Last Night

Critic rating:
MPAA rating: R
Genre: Drama
A husband and wife each wrestle, separately, with romantic temptation. At least their potential paramours are easy on the eyes: Eva Mendes and Guillaume Canet.
Starring: Keira Knightley, Sam Worthington, Eva Mendes
Director: Massy Tadjedin
Release: Opened May 13, 2011

Editorial Review

Things to regret the next day
By Stephanie Merry
Friday, May 13, 2011

The nighttime cab ride that opens the film “Last Night” is unmistakable in its loneliness. A woman and man sit on opposite sides of the back seat, vacantly staring out the window at the illuminated city. Words aren’t necessary to convey where the pair stands in the life cycle of a lover’s quarrel: Witness the age-old silent treatment, which must have followed some perceived slight and will no doubt precede a major blowup.

First-time director Massy Tadjedin banks on the power of telling, familiar moments, betting that viewers will recognize the heartache at the center of a fleeting expression or hurried action. For the most part, her gamble pays off.

The couple in question — Joanna (Keira Knightley) and Michael (Sam Worthington) — start fighting after a cocktail party where Joanna thinks she glimpses a flirtation between her husband and his co-worker Laura (Eva Mendes, who could make a career of playing the enticing predator). The situation unravels once the couple gets home, thanks to an escalating stubbornness that seems to be directly proportional to time spent fighting. All those glasses of wine probably don’t help things, either. The pair eventually patches things up, and all would probably go back to normal if not for the fact that Michael leaves the next morning for an overnight business trip. And Laura will be joining him.

It all seems perfectly set up for a will-he-or-won’t-he scenario, except for one compelling fact: When Joanna goes to get coffee the next morning, she runs into Alex (Guillaume Canet), otherwise known as The One That Got Away, who happens to have a dazzling smile and a killer French accent. The fact that the plot is a little too convenient may be partially forgiven by the fact that it makes for an interesting exercise, watching two people simultaneously grapple with fidelity in the face of impossibly attractive alternatives.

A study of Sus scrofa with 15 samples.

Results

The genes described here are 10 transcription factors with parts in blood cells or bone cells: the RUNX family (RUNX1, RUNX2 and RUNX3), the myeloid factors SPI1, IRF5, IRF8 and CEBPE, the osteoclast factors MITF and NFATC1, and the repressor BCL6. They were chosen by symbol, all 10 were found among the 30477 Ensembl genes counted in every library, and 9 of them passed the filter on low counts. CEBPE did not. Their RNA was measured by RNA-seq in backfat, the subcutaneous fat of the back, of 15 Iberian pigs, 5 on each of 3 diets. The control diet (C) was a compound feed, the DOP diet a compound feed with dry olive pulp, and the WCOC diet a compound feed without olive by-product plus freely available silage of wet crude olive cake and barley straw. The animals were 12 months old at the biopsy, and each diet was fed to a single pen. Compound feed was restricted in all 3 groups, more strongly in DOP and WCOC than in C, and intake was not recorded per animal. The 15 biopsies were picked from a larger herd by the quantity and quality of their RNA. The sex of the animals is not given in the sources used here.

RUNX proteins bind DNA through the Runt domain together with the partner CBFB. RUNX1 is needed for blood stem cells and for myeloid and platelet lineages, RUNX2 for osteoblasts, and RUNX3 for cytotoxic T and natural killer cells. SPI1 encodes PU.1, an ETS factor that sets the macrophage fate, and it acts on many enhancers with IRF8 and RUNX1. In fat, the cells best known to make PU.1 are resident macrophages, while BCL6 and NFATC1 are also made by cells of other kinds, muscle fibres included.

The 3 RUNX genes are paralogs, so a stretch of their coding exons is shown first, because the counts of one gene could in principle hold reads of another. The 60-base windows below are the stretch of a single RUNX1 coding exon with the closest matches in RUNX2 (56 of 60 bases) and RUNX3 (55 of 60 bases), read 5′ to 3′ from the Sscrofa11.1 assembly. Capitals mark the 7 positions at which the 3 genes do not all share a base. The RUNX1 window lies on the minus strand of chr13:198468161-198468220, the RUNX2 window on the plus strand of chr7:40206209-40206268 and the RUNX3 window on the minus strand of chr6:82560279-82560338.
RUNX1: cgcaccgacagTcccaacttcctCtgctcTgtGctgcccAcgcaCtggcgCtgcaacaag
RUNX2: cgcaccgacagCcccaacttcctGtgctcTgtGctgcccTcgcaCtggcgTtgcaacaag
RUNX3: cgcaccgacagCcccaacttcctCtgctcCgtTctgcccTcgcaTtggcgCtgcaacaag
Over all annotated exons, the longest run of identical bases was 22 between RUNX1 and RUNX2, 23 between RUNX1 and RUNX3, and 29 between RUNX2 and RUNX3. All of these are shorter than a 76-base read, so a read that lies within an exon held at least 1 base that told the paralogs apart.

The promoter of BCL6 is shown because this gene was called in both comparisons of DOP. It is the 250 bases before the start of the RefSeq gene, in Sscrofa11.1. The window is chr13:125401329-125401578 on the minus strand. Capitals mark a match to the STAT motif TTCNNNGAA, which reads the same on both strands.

The movie’s leisurely pace affords time to absorb each action, which seems to have a loaded meaning — Michael stealing a glance at Laura on the train to Philadelphia; Joanna opting for fancy underwear as she prepares to meet Alex for a drink. It’s a surprisingly suspenseful undertaking, enhanced by moody lighting and a spare soundtrack of piano music.

Where the movie falters is, in part, with its insistence on quick cutting. While the technique bolsters the idea of the significance of snippets, the effect is often less revealing than distracting. Worthington, meanwhile, doesn’t offer the emotional impact of his co-stars. Although his character is more the strong, silent type, there are moments when it seems as though the audience should be feeling the torture of his dilemma, but he doesn’t fully convey his burden. And that’s enough to make you wonder whether Joanna should be with him at all.

But “Last Night” comes back around, offering something that similar films don’t — a look at the effect Joanna and Michael’s actions have on Alex and Laura. And, as with the rest of the film, it doesn’t take more than a few seconds to reveal the choppy emotional wake the married couple has left behind.

Contains language and sexual situations.